Suppress voter suppression

Many individuals have suffered from voter suppression in the United States.

Graphic by Emma Liu ’22/Staff

The United States prides itself on being the first republic. In theory, this would mean every eligible citizen (those who are eighteen years or older) would have the opportunity to vote for representatives in the government. However, not every American has had the ability to vote. Ever since its founding, the US has been afflicted by an epidemic: voter suppression. Voter suppression refers to deliberate attempts to prevent people from registering to vote or voting. These attempts often hurt Black, Brown, and Indigenous people the most, stripping away their basic rights as American citizens. They directly undermine the idea of representative democracy the nation was founded upon. If people of color don’t have the ability to vote, they cannot elect officials who work on their behalf. Their needs are completely disregarded, and they continue to suffer. If the US wants to continue calling itself a republic, it must find a cure for this disease of underrepresentation.

I believe much of the reason this issue has yet to be addressed is due to the common belief that voter suppression ended after the Fifteenth Amendment was passed. In reality, the fight for voting equality has continued for centuries. Right after the Fifteenth amendment was passed, Southern legislatures created property taxes and literacy tests designed to keep Black voters from the polls. These tactics were designed to dramatically impact Black voter registration and sadly, they worked. In states like Mississippi, registered Black voters dropped from ninety percent to just six percent of the eligible population. In protests like the Selma to Montgomery march, activists shed blood just so that people of color had the right to use their voice, something that should have already been enforced as it is written in the Constitution. One would think after these protests that the American people would have come to their senses. After all, isn’t the US supposed to “establish Justice?” Is establishing justice denying Americans the right to their voices in their government? Unfortunately, the judiciary thinks so. In fact, as recently as 2013, the Supreme Court amended the Voting Rights Act, an act designed to protect the rights of minority voters, and allowed nine states and several counties to change their elections laws without any federal approval. This ushered in a new era of voter suppression, with states implementing voter ID laws, greatly limiting voting registration windows, and gerrymandering (redrawing state districts to benefit one political party). These laws often disproportionately affect minorities and people with a lower income. Though it’s hard to say exactly how many voters have been deterred due to these tight restrictions, one study in Wisconsin found that 300,000 voters were impacted by the state’s strict photo ID laws. In addition, voter turnout in Milwaukee, where seventy percent of the state’s Black population lives, decreased by thirteen percent. How can America call itself a representative democracy when it keeps people from representing themselves?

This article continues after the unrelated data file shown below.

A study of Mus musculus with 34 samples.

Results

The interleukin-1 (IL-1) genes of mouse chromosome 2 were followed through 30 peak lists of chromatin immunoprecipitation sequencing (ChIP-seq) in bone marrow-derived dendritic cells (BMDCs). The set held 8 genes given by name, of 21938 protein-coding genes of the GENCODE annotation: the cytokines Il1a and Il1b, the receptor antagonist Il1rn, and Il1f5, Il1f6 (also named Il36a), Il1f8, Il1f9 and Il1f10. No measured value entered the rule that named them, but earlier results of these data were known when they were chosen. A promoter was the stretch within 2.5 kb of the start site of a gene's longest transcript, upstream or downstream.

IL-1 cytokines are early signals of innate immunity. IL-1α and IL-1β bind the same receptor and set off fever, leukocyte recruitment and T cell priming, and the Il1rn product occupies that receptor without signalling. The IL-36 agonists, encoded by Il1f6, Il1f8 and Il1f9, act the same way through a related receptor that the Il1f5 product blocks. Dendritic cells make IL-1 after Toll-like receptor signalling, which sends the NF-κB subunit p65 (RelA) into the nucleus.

In 2020, we saw even further instances of voter suppression. In Georgia, people were forced to wait in long lines, sometimes for up to eight hours, to cast their ballots. A joint research effort by ProPublica and Georgia Public Broadcasting found that these lines affected “predominantly Black neighborhoods like Union City, just south of Atlanta”. These policies extended to mail-in ballots as well. In the Navajo Nation, the average Native American is 38 miles away from the closest operating Post Office. This means that the ethnic group with the highest risk for contracting severe cases of COVID-19 didn’t have access to safe methods of voting this election. Though these may not seem like deliberate attempts to suppress votes, in reality, it is. A nation that is complacent is just as guilty. No person in the US should have to choose risking their life or participating in their democracy. These attempts to suppress people of color must be addressed in our political system. For those who can vote, finding a permanent cure for voter suppression falls on you. When voting for your senators, see if they support the Voting Rights Advancement Act. This bill fights to establish “new criteria for determining which states and political subdivisions must obtain preclearance before changes to voting practices.” For those who can’t vote, make sure you call your current senators and inform them you are interested in passing this bill. After, make sure you inform your friends and family about voting requirements in the state and ensure they obtain the correct documents. No eligible voice in a republic should be suppressed, especially on the basis of race.